Yesterday, Arnold Schwarzenegger signed his last gubernatorial documents and spiffed up the governor’s office so he could get his security deposit back as the next tenant prepared to move in today.
The man who promised his charisma was sufficient to break down the boxes that hobble Sacramento leaves the place with all its boxes intact, and more than a few new boxes to boot — they’re just painted a greener shade of regulatory over-kill. As it turns out, the Schwarzenegger legacy isn’t governmental and budgetary reform; it’s AB 32 and SB 375, California’s hysterical global warming twins, and the passel of business-strangling regulations spawned in their wake. The incoming governor is apparently intent on protecting Schwarzenegger’s green legacy with the appointment of John Laird, co-author of AB 32, as Secretary of Natural Resources, ensuring that natural resources, not resourceful humans, will continue to be the focus of California state government. The leftist YubaNet.com declared the Laird appointment “sets off green fireworks,” adding:
On the first day of the New Year, Governor Brown showed that he is committed to a green agenda by appointing John Laird as the Secretary of Resources. … From waste reducer to wildlife protector Laird is sure to make 2011 a great year for the environment.
But California’s regulatory crusade to coddle the environment without care for cost is not going to be the focus for Jerry Brown, as much as he might like it to be — it’s going to be the budget, debt and the ever-less-sustainable public employee pension funding gaps. If Jerry Brown is going to succeed on that score, he’s eventually going to have to take on the public employee unions he empowered in the 1970s when he signed the law giving them truly impressive collective bargaining rights.
It was the unions that terminated the Terminator. When Schwarzenegger put four mostly sensible reform initiatives on a special election ballot in 2005, he was handily disposed of by the unions, particularly the California Teachers Association, which mortgaged its headquarters to buy even more anti-Schwarzenegger ads. By most accounts, Brown is also plotting a special election strategy to fix the budgetary mess. First, he will get a budget through Sacramento (now, thanks to Proposition 25, requiring only the votes of the Legislature’s Democrats) that will include sweeping cuts in spending for popular state services, then he will call a special election and ask the voters to do what even the state’s all-powerful Democrats don’t have enough votes to accomplish: raise taxes and fees.
He should be able to count on union support for the higher taxes, but the voters’ midterm rejection of Prop 21’s “park tax” and their approval of Prop 22’s and Prop 26’s restrictions on Sacramento’s non-tax revenue generation tricks indicates Brown’s going to have a tough time pulling off a special election win. Even if he does — and especially if he doesn’t — he’s still going to have to deal with pension reform if he has any hope of fixing the state’s fiscal mess. Meaningful reform seems just about impossible under Brown, as Orange County Register opinion columnist Mark Landsbaum wrote yesterday:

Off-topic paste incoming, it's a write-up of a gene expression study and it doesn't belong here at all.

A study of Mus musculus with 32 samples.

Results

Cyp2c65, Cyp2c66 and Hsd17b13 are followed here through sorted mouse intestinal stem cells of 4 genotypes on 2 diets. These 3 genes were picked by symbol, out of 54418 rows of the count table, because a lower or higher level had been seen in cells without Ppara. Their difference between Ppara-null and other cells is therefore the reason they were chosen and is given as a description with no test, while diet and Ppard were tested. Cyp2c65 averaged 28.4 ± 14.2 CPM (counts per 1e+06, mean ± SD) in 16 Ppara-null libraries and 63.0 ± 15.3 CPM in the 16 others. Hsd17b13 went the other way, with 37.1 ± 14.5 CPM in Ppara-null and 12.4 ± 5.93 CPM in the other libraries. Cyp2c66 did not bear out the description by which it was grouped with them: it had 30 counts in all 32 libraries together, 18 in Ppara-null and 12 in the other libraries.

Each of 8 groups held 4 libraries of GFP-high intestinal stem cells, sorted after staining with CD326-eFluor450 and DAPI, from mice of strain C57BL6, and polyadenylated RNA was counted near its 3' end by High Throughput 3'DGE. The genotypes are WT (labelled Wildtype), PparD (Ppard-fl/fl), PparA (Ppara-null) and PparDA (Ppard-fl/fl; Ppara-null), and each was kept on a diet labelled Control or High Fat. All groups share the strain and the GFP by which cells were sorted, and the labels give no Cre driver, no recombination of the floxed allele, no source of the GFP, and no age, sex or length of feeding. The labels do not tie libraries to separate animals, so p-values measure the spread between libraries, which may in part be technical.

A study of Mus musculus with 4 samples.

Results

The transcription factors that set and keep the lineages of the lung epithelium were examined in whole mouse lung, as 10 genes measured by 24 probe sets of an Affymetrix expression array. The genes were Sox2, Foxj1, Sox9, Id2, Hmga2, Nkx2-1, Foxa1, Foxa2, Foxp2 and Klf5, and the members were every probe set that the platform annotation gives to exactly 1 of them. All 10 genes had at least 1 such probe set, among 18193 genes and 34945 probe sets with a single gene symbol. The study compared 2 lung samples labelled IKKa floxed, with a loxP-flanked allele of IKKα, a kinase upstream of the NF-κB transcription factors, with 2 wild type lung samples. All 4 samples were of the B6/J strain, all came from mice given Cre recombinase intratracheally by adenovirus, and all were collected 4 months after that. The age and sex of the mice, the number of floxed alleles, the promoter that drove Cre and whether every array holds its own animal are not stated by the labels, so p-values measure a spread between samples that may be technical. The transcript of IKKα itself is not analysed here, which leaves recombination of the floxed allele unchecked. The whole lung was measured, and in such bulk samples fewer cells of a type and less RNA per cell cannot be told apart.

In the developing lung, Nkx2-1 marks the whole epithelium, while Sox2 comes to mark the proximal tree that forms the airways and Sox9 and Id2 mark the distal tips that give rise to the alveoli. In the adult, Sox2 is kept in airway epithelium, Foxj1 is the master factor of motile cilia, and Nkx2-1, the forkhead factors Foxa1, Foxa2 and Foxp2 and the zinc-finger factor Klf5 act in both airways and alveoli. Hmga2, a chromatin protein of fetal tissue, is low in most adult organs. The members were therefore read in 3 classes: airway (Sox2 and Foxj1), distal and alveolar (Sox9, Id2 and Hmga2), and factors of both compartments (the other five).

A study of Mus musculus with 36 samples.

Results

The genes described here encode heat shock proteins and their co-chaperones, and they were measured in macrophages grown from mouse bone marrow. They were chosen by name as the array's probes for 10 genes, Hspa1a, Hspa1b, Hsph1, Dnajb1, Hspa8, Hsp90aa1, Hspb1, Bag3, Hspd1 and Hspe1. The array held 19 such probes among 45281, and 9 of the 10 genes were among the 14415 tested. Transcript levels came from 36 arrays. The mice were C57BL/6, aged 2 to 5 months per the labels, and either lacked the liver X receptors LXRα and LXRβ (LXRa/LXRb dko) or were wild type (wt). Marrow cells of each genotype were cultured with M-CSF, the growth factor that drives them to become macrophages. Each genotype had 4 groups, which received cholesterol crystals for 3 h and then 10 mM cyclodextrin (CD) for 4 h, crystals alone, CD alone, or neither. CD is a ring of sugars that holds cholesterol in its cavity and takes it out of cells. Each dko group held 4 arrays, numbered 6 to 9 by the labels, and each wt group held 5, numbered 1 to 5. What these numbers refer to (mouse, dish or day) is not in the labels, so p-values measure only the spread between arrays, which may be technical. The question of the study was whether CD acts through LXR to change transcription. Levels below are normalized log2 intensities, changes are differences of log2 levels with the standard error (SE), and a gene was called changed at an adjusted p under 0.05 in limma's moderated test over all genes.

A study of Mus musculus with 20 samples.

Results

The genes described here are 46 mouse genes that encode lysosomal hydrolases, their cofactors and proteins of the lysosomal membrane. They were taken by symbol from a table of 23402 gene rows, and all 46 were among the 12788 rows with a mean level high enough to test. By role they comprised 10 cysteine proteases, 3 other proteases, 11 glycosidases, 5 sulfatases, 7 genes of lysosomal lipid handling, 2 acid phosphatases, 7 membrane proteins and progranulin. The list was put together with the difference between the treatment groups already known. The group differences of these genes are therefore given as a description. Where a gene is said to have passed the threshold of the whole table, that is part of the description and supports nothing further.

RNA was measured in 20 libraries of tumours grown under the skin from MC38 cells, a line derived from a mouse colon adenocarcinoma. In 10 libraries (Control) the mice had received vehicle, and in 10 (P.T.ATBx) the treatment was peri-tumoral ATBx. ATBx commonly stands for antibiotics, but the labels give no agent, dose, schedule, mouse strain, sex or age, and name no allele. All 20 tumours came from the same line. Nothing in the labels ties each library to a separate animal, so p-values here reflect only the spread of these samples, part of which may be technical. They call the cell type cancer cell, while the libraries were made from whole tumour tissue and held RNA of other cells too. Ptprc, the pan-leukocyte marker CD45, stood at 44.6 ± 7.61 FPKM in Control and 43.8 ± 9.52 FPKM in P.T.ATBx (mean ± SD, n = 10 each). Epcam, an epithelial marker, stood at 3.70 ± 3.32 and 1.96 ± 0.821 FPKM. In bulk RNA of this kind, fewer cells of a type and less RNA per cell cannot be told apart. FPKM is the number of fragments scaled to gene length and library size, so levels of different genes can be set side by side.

Considering their clout, if public employee unions had a better candidate to run for governor, wouldn’t they have run him? Why didn’t they? Because Jerry Brown’s candidacy was their dream come true.
California’s future will be anything but golden unless Brown pulls off a “Nixon goes to China” with the state’s public employee unions and brokers sweeping and significant changes to public employee benefits. Tweaking at pension formulas isn’t going to be enough. Even the wholesale selling out of younger public employees by older pension-rich ones isn’t going to pull California out of the hole. No, dialing back California’s half-trillion-dollar unfunded pension liability before the state’s finances collapse entirely is going to take the kind of reform that will pose a threat to the future clout of the very public employee unions that swept Brown into office.
Can he do it? I don’t think so. His appointments thus far, while still few in number, indicate that the Jerry Brown we’re getting is the Jerry Brown we feared we’d get — Moonbeam Redux. He will use the Democrat’s complete control of Sacramento and the money and influence of his union benefactors to do everything he can to protect the status quo, because unlike where Sacramento was when he first came into office on the heels of Ronald Reagan, Sacramento today is exactly as he would like it to be — fat with government jobs and programs, committed to environmental over-regulation, and firmly in the hands of the unions he knows and loves.
Jerry Brown’s real challenge arises from the fact that the status quo will be impossible to protect unless the state’s businesses shake off the national recession and the state’s obsession with business-flogging and somehow begin to generate more jobs and more tax payments. Short of that unlikely salvation, it’s anyone’s guess how Brown will succeed in keeping his benefactors happy while dodging California’s looming fiscal black hole.
Laer Pearce, a veteran of three decades of California public affairs, is currently working on a book that shows how everything wrong with America comes from California.